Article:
Mountain biker decapitation fear as wire traps left on tracks in Northern Ireland forest
Mountain bikers were directed into traps laid by saboteurs that included wire strung at head height across the course - which could have decapitated a racer.
The organiser of a time trial in the Mournes believes disgruntled hill walkers - unhappy at forest paths being used for such events - may have been behind the attack.
Glyn O'Brien from Newry, who ran the Vitus First Tracks Enduro Cup at Kilbroney Park in Rostrevor, slammed those responsible for putting wire and string at head height across downhill sections where riders can reach speeds of up to 40mph.
Ahead of the time trial, rocks and logs were also dislodged and placed on the track.
Mr O'Brien, who took part in yesterday's event, said fortunately the traps were spotted.
Police are investigating. A PSNI spokesman said: "This was an unbelievably dangerous thing to do. Whoever is responsible could have caused great injury to those participating had the route not been checked".
In yesterday's event, 200 bike riders hurtled down the Mourne Mountains.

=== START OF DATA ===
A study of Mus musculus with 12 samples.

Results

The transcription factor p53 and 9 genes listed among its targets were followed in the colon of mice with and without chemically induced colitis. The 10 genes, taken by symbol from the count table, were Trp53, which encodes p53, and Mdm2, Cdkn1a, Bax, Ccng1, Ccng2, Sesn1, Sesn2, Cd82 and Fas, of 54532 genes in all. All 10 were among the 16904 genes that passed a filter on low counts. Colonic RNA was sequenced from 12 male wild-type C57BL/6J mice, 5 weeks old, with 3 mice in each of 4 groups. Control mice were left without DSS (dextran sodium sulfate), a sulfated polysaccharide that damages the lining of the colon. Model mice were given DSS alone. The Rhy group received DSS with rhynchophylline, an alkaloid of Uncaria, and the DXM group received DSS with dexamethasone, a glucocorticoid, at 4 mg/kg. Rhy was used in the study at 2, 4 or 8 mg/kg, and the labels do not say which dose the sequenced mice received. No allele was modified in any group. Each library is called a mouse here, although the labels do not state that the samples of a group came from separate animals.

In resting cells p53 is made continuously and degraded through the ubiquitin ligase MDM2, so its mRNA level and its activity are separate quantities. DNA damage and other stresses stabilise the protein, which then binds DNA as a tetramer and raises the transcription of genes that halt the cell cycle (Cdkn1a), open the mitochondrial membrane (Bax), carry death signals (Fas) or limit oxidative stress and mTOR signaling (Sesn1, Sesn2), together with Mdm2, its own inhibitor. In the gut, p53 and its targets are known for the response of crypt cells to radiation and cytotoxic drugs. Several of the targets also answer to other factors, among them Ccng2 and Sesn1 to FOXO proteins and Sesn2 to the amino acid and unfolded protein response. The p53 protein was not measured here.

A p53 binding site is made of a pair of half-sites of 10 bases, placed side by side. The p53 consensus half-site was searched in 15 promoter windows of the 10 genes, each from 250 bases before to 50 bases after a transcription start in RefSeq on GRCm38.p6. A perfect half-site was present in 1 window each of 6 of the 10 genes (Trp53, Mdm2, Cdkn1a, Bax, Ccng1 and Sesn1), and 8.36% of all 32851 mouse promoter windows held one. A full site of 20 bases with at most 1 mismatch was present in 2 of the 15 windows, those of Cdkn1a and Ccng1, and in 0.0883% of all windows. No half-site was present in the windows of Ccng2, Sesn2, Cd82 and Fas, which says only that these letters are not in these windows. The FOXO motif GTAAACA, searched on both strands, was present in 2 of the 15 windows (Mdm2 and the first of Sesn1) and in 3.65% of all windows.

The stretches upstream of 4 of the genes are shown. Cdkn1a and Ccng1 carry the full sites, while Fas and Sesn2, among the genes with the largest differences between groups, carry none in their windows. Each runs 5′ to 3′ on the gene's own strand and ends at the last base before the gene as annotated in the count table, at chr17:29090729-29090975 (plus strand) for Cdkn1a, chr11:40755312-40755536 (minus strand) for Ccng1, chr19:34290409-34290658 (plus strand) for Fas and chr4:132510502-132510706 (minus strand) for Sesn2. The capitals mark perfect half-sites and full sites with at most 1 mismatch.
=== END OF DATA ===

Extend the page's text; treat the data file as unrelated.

Mr O'Brien said it went well and that all competitors were all still happy to take part.
He said the disruption took place overnight on Friday into Saturday ahead of practice sessions. There were no further incidents before the racing.
Mr O'Brien said it was disturbing to hear from other downhill bikers that similar incidents happen regularly in places like Cavehill in Belfast and Tollymore Forest Park in Newcastle.
He said: "There were five or six places where they had put the wire/string at head height and they had used our tape to re-direct riders into areas where the wire was. It is very thin and you wouldn't see it until the last minute.
"By the look of it I don't think it was kids who did this but this time I have a feeling it was maybe walkers who don't like bikers, who maybe feel mountain biking shouldn't be on those trails.
"I have heard of things like this happening but it is the first time it has happened at an official event, but it won't put us off next year. It is an annual event and it is a brilliant venue."
He said the Rostrevor race was officially organised with permission from the authorities and competitors came from across Ireland, Great Britain and even Australia.
He said a marshal noticed and was able to ensure the first riders were stopped.
"For the event the riders were happy to take part after everything was checked by the marshals, but the scary thing is what is to stop that person coming out again and doing the same thing when there are no marshals?"
He said marshals will now be briefed to check courses across Northern Ireland and searches of the tracks will take place before an event at Ballycastle Forest in August.
Mr O'Brien said the Rostrevor event contributes a significant amount of money to the area and he hoped it would "not create a negative vibe" and keep people away.